Guyana rejects Venezuela’s new border claims; President Ali calls it a “legal nullity”

President of Guyana Dr Irfaan Ali                                     President of Venezuela Nicolás Maduro
President of Guyana Dr Irfaan Ali                                              President of Venezuela Nicolás Maduro

Days before the International Court of Justice (ICJ) is scheduled to hold a case management hearing on Guyana’s application for a final and binding settlement of the border controversy with Venezuela, the NicolásMaduro government on January 7, 2021 issued a new Decree to claim for itself, the land and seabed west of the Essequibo Coast.

In a special address to the Nation, this afternoon (Saturday, January 9, 2021) President Dr. Irfaan Ali staunchly rejected this new claim by Venezuela, calling it a “legal nullity” that will not be recognised by Guyana or any other state in the world.

According to Ali, Guyana has always chosen to have the issue resolved within international law. He, therefore, described the Maduro government’s latest statements as “deeply disturbing” but made it clear that they would not deter Guyana from seeking a final, binding resolution at the ICJ.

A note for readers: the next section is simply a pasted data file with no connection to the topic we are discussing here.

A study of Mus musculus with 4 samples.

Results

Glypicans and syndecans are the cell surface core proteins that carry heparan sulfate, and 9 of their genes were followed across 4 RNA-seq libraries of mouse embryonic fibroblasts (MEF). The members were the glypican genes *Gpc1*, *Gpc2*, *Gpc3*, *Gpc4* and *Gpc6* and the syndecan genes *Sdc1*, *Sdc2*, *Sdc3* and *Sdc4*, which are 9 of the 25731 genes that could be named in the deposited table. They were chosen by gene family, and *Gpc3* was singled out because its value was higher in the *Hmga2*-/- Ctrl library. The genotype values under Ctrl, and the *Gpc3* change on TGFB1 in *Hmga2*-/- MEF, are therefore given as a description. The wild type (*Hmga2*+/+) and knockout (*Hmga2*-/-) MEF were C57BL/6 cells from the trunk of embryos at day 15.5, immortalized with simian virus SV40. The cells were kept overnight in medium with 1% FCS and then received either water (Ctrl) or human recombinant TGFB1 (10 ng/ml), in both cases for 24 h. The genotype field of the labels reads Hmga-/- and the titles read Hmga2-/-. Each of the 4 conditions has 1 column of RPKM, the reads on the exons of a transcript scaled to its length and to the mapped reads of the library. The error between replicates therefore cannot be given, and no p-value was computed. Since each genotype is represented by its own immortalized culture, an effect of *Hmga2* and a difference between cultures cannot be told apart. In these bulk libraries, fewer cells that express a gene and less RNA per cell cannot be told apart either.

“I find it deeply disturbing that on January 7, the President of Venezuela issued a decree claiming for Venezuela’s sovereignty an exclusive sovereign right to the waters and seabed adjacent to Guyana’s coast West of the Essequibo river.”

“I remind that sovereignty over this coast and the land it is attached to was awarded to Guyana, then British Guiana, in the 1899 arbitral award, whose validity Guyana is confident the ICJ will uphold unequivocally,” the Guyanese Head of State posited.

Ali explained that Venezuela’s decree breaches fundamental principles of International law, including the fact that no nation can determine its own boundaries, except through an agreement with its neighbors or a judgment from the international court.